I pull into the driveway after a long trip, and witness a miracle.
Pip, the gray wren who shows up every spring, is rebuilding her nest in the corner of our carport again. I thought for sure that she had kicked the can last year, when she suddenly disappeared, leaving a baby bird behind. Yet here she is again! She has pushed the baby bird's bones out of the nest and lined her house with fresh twigs. (We have witnessed a lot of life and death in our carport through the years.)
At the sight of her silhouette in my headlights, I put my head on the steering wheel and cry.
Maybe it’s because I’m overtired.
Maybe it’s because I’m just glad to be home.
Or maybe it’s because the first story I ever wrote was about a bird and a nest.
It was third grade, and I wrote the story to read out loud at the annual third grade talent show. It was called “A Helping Wing,” and it told of a little robin who broke her wing and needed help building her nest. A troupe of local mockingbirds and cardinals, sparrows and owls brought pieces of their own nests to add to hers, and they all lived happily ever after.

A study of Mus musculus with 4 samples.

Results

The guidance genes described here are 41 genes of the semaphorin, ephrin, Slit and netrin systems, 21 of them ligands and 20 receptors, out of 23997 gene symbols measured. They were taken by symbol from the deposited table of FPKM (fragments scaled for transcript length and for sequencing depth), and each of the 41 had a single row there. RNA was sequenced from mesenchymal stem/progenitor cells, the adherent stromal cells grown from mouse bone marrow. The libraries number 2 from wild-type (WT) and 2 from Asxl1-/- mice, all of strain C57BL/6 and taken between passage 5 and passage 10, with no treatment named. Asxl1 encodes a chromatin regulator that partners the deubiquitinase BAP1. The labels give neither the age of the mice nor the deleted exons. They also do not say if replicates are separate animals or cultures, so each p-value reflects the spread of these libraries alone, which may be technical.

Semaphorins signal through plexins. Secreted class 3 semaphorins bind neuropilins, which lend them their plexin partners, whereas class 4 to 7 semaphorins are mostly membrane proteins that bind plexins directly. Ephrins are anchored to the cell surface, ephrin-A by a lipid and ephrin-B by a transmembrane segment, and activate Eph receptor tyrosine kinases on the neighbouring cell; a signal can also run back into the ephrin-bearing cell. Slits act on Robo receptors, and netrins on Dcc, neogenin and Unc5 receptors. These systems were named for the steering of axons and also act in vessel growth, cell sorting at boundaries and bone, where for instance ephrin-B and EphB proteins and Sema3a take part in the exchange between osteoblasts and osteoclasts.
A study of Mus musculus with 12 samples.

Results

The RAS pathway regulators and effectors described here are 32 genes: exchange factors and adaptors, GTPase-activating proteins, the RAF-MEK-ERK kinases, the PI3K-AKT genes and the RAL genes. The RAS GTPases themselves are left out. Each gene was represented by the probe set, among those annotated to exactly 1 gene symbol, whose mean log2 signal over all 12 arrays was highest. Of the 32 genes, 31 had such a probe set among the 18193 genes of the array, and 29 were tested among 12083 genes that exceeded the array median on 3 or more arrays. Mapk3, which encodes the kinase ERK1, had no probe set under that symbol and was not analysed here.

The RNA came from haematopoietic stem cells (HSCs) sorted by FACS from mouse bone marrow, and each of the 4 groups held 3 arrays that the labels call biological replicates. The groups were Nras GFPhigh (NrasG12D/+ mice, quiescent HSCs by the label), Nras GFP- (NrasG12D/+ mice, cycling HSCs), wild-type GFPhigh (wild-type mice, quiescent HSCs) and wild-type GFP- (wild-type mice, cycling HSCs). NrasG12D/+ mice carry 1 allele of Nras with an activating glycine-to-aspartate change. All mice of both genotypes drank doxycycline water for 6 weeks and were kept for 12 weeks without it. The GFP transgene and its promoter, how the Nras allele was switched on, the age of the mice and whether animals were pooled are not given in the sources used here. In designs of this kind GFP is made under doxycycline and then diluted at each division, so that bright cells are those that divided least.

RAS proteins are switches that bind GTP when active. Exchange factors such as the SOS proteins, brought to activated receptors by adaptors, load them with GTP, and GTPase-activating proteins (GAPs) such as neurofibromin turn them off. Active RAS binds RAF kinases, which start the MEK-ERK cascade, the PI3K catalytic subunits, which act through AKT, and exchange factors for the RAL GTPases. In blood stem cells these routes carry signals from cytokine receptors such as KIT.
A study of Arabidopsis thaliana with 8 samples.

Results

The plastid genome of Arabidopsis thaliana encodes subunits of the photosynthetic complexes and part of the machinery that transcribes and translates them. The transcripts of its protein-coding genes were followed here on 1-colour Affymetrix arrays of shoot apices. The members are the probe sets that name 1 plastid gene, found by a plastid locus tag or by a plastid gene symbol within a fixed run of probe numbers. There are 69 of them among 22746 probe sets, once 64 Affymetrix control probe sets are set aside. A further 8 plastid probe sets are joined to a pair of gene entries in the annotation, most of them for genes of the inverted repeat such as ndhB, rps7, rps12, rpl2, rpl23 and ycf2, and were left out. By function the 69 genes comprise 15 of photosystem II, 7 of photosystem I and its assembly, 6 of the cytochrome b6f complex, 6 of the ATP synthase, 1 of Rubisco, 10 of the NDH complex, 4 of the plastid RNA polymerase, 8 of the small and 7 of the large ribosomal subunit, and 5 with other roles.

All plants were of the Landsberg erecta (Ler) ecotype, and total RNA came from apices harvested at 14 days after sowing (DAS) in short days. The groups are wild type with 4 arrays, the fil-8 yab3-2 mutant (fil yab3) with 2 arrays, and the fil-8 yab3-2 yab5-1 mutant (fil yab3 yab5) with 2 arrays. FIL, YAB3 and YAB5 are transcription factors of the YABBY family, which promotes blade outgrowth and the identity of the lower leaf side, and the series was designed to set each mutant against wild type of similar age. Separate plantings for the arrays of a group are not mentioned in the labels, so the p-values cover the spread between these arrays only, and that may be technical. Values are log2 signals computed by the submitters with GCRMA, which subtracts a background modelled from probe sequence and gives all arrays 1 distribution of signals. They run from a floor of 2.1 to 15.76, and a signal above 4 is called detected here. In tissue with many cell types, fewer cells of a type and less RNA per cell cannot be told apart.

After the talent show, the mother of another student came up to me and said that my story made her cry... in a good way.
And that was when I knew I wanted to be a writer.
Now I’m crying into the steering wheel because it’s been harder than I thought to stay the course, harder than I thought to remember why I’m doing all of this in the first place.
But Pip has just reminded me:
I’m here to write about how a little gray wren builds her nest in our carport every year and to wonder what this might say about God.
It’s that simple.
It's that hard.
It's that wonderful.
But a lot of churches have green rooms these days.
And I’m not sure how I feel about that.